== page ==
To say that the book of Psalms is divided into five books would be an elusive description. The Book of Psalms is the longest book in the Bible, with 150 individual psalms. It is also one of the most diverse, since the psalms deal with such subjects as God and His creation, war, worship, wisdom, sin, evil, judgment, justice, and the coming of the Messiah.
David is listed as the author in 73 accounts, his personality and identity are displayed in many of these psalms. David wrote many of the individual psalms, but he is not the author of the entire collection. Two of the psalms (72) and (127) are attributed to Solomon, David's son and successor. Psalm 90 is a prayer assigned to Moses. Another group of 12 psalms (50) and (73—83) is ascribed to the family of Asaph. The sons of Korah wrote 11 psalms (42, 44-49, 84-85,87-88). Psalm 88 is attributed to Heman, while (89) is assigned to Ethan the Ezrahite. With the exception of Solomon and Moses, all these additional authors were priests or Levites who were responsible for providing music for sanctuary worship during David's reign. Fifty of the psalms designate no specific person as author.
A careful examination of the authorship question, as well as the subject matter covered by the psalms themselves, reveals that they span a period of many centuries. The oldest psalm in the collection is the prayer of Moses (90), a reflection on the frailty of man as compared to the eternity of God. The earliest psalm is (137), a song of lament, written during the days when the Hebrews were being held captive by the Babylonians, from about 586 to 538 B.C.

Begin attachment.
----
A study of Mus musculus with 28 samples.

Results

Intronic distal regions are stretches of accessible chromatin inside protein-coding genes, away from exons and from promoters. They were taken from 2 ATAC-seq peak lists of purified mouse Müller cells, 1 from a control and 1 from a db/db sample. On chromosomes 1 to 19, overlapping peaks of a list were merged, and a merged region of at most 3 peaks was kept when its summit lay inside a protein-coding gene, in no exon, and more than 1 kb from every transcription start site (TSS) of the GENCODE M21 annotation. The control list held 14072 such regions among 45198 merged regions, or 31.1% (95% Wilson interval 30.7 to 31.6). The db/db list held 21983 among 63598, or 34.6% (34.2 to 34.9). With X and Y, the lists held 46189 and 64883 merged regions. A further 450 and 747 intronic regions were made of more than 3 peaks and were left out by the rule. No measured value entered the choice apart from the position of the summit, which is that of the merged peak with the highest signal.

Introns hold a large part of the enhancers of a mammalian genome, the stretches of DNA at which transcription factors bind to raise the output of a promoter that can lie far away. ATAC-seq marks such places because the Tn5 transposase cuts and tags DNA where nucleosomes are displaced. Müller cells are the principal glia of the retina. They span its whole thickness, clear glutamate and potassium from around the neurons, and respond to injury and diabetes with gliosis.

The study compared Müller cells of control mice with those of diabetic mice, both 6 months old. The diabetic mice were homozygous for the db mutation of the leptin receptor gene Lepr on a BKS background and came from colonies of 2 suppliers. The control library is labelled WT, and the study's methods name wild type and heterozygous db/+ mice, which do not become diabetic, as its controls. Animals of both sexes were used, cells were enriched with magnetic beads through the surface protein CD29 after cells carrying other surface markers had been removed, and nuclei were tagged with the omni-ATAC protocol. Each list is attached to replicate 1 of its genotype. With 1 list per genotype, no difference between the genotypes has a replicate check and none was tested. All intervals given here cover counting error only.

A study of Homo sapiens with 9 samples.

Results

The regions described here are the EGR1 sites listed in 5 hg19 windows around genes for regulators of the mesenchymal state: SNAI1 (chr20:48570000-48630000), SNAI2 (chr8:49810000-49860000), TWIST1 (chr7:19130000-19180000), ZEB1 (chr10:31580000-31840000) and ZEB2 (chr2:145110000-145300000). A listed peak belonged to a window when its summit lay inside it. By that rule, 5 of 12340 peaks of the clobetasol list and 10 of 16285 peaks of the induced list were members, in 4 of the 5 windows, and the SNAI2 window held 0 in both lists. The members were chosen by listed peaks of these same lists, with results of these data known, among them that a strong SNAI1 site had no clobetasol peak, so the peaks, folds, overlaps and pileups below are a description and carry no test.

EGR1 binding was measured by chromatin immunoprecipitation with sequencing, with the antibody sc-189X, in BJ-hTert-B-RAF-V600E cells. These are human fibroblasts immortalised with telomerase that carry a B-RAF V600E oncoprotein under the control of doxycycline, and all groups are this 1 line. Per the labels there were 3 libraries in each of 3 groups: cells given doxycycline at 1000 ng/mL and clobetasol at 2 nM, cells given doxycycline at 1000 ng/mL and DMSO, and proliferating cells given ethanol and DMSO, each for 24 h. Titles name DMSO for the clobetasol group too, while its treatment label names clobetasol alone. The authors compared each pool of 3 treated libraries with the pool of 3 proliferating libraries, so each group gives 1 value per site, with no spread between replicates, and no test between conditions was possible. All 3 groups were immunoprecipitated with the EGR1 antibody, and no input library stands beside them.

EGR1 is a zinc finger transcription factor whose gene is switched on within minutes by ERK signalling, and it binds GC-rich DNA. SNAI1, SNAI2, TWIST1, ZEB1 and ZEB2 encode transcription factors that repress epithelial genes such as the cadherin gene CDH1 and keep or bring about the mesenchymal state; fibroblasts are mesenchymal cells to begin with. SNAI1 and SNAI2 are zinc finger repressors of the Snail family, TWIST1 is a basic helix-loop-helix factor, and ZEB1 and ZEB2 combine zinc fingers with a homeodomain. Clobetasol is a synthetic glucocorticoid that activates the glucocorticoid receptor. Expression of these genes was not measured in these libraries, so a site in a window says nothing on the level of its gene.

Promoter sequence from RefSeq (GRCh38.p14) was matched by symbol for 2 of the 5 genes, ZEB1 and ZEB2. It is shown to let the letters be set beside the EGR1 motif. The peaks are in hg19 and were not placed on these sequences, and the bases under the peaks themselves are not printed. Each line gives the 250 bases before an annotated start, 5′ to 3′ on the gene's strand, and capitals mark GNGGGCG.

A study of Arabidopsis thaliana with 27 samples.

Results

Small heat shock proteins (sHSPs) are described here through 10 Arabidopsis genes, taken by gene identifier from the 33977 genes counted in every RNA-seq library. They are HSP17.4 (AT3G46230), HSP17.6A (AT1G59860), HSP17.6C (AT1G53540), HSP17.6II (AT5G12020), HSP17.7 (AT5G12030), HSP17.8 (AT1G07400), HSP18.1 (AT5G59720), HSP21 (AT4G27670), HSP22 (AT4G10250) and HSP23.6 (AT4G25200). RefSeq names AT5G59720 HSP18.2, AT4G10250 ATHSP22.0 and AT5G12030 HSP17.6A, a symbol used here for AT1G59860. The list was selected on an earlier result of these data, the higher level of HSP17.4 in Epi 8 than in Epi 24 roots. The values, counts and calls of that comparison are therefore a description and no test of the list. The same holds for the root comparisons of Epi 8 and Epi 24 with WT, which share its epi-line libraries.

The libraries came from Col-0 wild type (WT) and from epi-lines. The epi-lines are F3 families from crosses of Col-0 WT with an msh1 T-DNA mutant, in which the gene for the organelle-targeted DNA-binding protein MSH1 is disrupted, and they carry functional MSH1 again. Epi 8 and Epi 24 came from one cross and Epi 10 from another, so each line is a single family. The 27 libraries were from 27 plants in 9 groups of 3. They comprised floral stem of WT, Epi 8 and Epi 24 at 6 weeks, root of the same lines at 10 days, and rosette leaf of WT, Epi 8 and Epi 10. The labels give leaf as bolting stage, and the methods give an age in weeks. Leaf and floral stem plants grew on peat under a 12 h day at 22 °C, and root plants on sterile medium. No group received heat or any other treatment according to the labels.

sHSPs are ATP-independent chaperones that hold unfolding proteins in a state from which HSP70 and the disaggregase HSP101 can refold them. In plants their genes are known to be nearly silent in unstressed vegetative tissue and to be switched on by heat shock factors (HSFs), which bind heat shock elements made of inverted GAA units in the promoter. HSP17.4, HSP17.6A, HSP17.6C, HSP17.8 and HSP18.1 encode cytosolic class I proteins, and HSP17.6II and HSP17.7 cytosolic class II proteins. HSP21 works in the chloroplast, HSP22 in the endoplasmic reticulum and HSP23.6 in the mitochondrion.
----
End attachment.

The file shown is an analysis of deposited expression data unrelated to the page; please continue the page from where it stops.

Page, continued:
The 150 individual psalms were written by many different people across a period of a thousand years in Israel's history. They were compiled and put together in their present form by an unknown editor shortly after the captivity ended in 537 B.C.
The Book of Psalms is a collection of prayers, poems, and hymns that focus the worshiper's thoughts on God in praise and adoration. Parts of this book were used as a hymnal in the worship services of ancient Israel. The musical heritage of the psalms is demonstrated by its title. It comes from a Greek word which means "a song sung to the accompaniment of a musical instrument."
God’s provision of a Savior for His people is a recurring theme in the Psalms. Prophetic pictures of the Messiah are seen in numerous psalms. Psalm 2:1-12 portrays the Messiah’s triumph and kingdom. Psalm 16:8-11 foreshadows His death and resurrection. Psalm 22shows the Christ on the cross and presents detailed prophecies of the crucifixion, all of which were fulfilled perfectly. The glories of the Messiah and His bride are depicted in Psalm 45:6-7, while Psalms 72:6-17, 89:3-37, 110:1-7and 132:12-18 present the glory and universality of Christ reign.
One of the results of being filled with the Spirit or the word of Christ is singing. The psalms are the “songbook” of the early church that reflected the new truth in Christ.